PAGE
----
Amy Hempel: “One of the most helpful things I did was hang out with stand-up comics”

From The Writer’s Almanac:

It’s the birthday of short-story writer Amy Hempel, born in 1951 in Chicago. She graduated from high school when she was 15 and drove out to San Francisco. She said, “Such terrible things were happening in this beautiful place” — she was in San Francisco during the assassinations of Harvey Milk and George Moscone, a bomb in the Iranian consulate, Jim Jones’ cult, and serial murders. And then her mother committed suicide, she got in two bad accidents (one on a motorcycle and one in a car), and her best friend died of leukemia. She decided to get hold of her life and settle down somewhere.

She was a good writer, and she had studied journalism, so she went to New York. She took a fiction-writing course with Gordon Lish, and on the first day of class he made them all write down their very worst secret, the secret they would never get over. Hempel wrote about failing her best friend while she was dying. And that exercise turned into her first short story, “In The Cemetery Where Al Jolson Is Buried.” Her latest collection is Sing to It: New Stories (2019).

Hempel said: “It turned out that one of the most helpful things I did without knowing it would be helpful later was hang out with stand-up comics in San Francisco. I went to their shows night after night after night. I watched them performing, working through the same material. I saw some nights it killed and other nights it bombed. All that time I was observing nuance, inflection, timing, how the slightest difference mattered. How the littlest leaning on a word — or leaning away from it — would get the laugh, and this lesson was so valuable. And the improv work — they called it ‘being human on purpose,’ this falling back on the language in your mouth — was hugely important. Just listening to what you’re saying.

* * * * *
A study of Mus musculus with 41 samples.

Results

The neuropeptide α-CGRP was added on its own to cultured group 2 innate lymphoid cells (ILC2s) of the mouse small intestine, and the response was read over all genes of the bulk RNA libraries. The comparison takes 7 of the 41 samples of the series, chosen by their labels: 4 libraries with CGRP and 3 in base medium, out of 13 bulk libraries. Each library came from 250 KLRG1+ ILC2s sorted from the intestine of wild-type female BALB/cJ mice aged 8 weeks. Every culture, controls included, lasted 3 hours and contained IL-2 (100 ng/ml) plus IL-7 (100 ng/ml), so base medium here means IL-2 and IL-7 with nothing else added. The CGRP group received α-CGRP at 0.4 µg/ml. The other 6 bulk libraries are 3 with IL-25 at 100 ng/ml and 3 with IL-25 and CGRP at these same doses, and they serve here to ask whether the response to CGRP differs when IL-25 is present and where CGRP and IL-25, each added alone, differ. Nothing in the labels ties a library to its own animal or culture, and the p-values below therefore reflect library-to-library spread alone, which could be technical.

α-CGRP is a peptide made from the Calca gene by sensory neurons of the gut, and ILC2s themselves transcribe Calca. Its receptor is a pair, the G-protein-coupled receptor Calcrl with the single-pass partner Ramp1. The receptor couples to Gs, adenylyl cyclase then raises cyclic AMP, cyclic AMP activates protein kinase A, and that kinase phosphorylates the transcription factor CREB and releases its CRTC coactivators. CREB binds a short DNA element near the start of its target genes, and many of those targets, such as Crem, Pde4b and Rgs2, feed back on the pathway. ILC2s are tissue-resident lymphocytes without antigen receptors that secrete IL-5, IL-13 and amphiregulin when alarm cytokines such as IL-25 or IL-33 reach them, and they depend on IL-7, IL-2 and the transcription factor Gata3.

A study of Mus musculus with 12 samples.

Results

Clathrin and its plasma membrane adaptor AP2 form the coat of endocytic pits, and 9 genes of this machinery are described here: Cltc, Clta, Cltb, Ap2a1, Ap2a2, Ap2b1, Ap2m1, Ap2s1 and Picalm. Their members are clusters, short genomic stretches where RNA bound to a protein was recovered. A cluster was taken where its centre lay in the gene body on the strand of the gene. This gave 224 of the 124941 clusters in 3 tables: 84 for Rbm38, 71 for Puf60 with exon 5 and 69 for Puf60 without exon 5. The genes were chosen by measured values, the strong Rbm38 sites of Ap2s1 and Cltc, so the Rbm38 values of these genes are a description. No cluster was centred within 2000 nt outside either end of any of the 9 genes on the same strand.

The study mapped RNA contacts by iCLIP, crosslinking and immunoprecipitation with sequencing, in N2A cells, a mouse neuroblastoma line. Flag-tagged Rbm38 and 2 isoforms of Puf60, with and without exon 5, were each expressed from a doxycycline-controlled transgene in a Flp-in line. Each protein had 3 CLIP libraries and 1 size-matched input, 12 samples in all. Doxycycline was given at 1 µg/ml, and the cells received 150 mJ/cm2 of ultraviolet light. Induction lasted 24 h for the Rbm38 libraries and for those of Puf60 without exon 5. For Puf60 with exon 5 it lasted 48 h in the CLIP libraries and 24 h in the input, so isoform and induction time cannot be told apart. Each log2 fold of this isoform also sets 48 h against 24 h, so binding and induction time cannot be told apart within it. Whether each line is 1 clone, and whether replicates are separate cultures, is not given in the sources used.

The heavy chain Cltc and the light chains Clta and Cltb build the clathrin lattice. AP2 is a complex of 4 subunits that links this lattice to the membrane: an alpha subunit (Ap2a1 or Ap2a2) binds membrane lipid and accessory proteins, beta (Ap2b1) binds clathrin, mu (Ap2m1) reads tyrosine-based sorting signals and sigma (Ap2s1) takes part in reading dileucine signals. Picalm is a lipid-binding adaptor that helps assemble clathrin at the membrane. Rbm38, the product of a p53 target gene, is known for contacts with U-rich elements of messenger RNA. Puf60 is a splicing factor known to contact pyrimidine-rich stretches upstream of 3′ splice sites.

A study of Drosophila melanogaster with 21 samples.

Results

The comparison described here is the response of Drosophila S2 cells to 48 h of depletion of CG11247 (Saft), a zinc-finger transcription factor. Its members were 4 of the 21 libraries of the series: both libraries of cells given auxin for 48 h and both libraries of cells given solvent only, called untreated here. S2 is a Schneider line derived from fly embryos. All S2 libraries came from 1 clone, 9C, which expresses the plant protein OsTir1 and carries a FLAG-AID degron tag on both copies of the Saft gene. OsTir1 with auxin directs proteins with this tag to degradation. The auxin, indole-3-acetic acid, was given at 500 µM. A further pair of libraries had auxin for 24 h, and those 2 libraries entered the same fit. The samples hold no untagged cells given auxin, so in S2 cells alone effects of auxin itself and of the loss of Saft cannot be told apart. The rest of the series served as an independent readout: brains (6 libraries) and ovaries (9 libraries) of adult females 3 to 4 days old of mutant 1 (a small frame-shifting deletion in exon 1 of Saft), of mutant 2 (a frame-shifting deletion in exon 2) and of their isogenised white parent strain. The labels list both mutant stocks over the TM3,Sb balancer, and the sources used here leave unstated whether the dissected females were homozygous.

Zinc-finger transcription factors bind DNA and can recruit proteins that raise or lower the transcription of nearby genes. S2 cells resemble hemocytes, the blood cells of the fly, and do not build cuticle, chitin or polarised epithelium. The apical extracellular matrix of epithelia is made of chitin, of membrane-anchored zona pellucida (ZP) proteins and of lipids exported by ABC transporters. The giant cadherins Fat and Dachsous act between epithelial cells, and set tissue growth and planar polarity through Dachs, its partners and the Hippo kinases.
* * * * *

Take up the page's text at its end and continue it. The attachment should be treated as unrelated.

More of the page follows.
I learned this when my late friend Morgan Upton, an actor, took me to a Steve Martin show at the Boarding House in San Francisco. Back in the green room, Steve Martin was sick, but preparing to do his show anyway. I told him I admired that, I said I couldn’t go out there and make people laugh if I were sick. And he said, Don’t be silly — you couldn’t do it if you were well. A brilliant reply on any number of levels.”

Hempel said: “It comes back to the question, whom are you writing for? Who are the readers you want? Who are the people you want to engage with the things that matter most to you? And for me, it’s people who don’t need it all spelled out because they know it, they understand it. That’s why there’s so much I can’t read because I get so exasperated. Someone starts describing the character boarding the plane and pulling the seat back. And I just want to say, Babe, I have been downtown. I have been up in a plane. Give me some credit.”